When the word “woman” makes you squirm.

International Women’s Day. I’ve never paid much attention to it in the past. In fact, for most of my life, I’ve intentionally avoided anything explicitly feminine.

For some women, the idea of normative femininity is fraught with tension and discomfort, even though they identify squarely as women. I’m one of them.

My relationship with femininity has been complicated my entire life; for a long time, even the word woman made me squirm because it represented so many things that made me uncomfortable. In the 90s, I would’ve been labeled a tomboy. I wore my brother’s clothes, played mostly with boys, and declared my hatred for the color pink often and loudly. I don’t even know if I really hated it. I just knew girls were supposed to like it, and I didn’t want to like girly things because I thought that meant I’d have to dress and behave “like a girl” and that felt weird. I’ve spent lots of time trying to decipher the reason for that, but I’ll save it for my memoir. 😉

A little to my folks’ chagrin, I think, I had few girlfriends. I didn’t fit in very well with most of them, and when I tried to, I came up feeling inadequate and like an imposter, so most of the ones I hung out with were like me in that way. The thing is, when you’re a girl who’s afraid of other girls and so are the girls you’ll probably get along with, it’s hard to find each other because you’re all hiding. I am undeniably a social creature, though, so I had lots of friends, but they were mostly boys.

During my sophomore year in high school, I decided it was time to step up my girl game. I started by shopping on the girls’ side of the store and donating most of my “boy clothes”; I realize there’s nothing particularly dramatic about that change, but at the time, it felt huge. I bought low rise jeans and fitted t-shirts, then spent most of my time tugging on them and “sucking it in” because everything felt too short or too low or too tight. Being disabled exacerbated the issue; sitting in tight jeans was uncomfortable and I was convinced that it made me look fat, and my stomach showed when I walked because my back arched with each step I took.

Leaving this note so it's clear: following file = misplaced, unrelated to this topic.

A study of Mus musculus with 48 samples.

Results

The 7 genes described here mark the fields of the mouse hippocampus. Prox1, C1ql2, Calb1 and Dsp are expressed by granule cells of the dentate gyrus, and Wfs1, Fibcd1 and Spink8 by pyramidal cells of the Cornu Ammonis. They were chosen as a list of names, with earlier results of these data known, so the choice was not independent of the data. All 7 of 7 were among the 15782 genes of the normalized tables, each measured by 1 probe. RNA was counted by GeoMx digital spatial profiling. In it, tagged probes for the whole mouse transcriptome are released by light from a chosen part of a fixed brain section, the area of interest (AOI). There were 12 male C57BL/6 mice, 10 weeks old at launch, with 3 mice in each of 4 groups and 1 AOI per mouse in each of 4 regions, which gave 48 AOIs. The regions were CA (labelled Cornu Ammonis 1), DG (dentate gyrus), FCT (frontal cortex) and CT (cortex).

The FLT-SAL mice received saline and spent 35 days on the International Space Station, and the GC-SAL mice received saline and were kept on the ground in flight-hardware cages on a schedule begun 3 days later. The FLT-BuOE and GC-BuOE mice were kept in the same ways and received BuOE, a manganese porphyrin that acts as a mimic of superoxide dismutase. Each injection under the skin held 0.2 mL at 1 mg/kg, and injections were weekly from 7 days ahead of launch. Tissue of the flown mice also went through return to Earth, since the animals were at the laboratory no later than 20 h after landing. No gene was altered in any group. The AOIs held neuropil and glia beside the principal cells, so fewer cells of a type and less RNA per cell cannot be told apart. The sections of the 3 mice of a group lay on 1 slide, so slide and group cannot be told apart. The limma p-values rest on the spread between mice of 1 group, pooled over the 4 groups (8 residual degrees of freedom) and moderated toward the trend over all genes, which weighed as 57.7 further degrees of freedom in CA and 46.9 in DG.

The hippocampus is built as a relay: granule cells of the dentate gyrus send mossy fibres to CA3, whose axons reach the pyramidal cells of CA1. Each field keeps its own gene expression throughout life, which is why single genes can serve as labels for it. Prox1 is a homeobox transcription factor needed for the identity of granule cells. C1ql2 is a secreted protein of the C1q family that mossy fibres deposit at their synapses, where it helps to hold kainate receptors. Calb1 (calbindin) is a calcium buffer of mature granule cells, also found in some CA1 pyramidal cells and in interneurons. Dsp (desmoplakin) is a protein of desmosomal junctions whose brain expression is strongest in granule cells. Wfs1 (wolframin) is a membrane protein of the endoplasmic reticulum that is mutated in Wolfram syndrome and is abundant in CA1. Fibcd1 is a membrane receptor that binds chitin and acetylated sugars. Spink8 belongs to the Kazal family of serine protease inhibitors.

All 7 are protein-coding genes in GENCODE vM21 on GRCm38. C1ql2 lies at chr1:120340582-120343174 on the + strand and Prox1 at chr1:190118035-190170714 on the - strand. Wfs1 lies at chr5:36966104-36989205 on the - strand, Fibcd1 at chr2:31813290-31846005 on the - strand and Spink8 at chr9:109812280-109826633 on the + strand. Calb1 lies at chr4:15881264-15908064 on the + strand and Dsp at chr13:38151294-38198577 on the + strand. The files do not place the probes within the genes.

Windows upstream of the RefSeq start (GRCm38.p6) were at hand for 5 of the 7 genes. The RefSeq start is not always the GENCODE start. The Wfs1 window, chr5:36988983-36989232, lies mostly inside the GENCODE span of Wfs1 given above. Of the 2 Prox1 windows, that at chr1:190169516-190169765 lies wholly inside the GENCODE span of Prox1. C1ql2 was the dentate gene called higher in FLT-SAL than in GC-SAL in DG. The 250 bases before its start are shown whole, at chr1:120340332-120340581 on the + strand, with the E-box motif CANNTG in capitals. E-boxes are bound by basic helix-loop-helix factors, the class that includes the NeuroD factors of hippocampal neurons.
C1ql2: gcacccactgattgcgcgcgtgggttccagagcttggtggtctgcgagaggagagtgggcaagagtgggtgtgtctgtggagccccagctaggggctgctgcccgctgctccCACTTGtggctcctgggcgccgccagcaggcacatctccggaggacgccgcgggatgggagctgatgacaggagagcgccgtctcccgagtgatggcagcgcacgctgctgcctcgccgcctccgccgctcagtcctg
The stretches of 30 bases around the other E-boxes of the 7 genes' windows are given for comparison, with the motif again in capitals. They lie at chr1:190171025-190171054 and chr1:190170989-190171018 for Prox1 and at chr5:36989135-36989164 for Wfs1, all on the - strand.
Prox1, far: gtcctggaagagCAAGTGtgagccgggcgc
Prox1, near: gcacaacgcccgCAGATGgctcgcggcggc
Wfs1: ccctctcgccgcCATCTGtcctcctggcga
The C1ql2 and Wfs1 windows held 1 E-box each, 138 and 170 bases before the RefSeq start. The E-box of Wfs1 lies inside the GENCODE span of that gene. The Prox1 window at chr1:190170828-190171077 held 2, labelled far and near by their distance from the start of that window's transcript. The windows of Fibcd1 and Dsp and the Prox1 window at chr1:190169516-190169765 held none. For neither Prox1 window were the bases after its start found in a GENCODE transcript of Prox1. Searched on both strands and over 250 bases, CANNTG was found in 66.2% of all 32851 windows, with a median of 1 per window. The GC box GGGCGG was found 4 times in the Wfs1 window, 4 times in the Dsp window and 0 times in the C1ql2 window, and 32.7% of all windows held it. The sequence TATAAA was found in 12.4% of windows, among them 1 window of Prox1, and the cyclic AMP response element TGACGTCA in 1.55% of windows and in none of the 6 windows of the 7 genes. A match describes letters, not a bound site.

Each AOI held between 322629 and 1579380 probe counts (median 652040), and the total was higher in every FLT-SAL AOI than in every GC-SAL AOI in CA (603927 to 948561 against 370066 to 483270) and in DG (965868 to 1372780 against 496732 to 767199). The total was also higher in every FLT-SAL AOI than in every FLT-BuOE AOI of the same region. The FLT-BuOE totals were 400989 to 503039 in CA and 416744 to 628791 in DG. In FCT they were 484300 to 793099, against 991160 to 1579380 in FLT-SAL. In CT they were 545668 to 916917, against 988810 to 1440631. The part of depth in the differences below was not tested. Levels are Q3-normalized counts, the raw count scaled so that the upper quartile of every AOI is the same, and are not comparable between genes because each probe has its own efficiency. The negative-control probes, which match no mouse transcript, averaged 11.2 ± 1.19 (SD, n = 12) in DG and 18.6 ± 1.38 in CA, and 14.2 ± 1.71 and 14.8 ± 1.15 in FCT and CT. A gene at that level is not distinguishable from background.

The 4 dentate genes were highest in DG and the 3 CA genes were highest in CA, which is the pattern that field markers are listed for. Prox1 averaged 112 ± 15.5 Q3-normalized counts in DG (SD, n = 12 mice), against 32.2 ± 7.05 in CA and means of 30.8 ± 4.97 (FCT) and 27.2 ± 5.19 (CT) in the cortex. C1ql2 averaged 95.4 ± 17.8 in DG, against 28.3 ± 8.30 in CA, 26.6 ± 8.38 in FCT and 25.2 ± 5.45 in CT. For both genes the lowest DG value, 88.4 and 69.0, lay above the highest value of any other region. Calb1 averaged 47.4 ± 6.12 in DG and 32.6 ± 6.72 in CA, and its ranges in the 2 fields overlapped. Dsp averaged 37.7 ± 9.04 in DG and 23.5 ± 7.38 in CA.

I was committed, though. I asked my mom to make me a dress, bought some makeup I had no idea how to use, waxed my muppet eyebrows, and went to the Snow Daze dance. There was no magical transformation. I couldn’t walk in the shoes I’d convinced myself I needed to wear with my dress, the stylist removed all but a single row of eyebrow hair, leaving me looking surprised for weeks, and I spent most of the evening feeling out of place. In my experience, going to a dance as the only wheelchair user was a drag on account of the fact that I was eye level with the body parts other kids were grinding on each other. The only things that went well were that I did an ok job on my very sparse makeup and I got a little attention from an upperclassman I had a crush on.

After that, I stuck to my new wardrobe for the most part, continued to feel insecure around girls and women, and had no idea how to talk about it, or if there was even anything to talk about. I had no idea why femininity was so awkward for me, but I had an intense, crippling fear of being judged for it. It manifested as hostility toward the idea of having girlfriends—something I’m still paying for in the currency of isolation. As a mother, I find that my understanding of my own femininity and need for other women have both grown exponentially, and I was ill-prepared for that. Now I know that I simply don’t fit the social construct for femininity, and I’m ok with it, but it’s been a long and often lonely road, and it’s one I hope I can help Arwen avoid.


Women, allow International Women’s Day to remind you that your experience of femininity and womanhood is valid, regardless of what other people act or look like. Go forth and be your most authentic yous, and remind the women around you that you’ll love the authentic versions of them, too.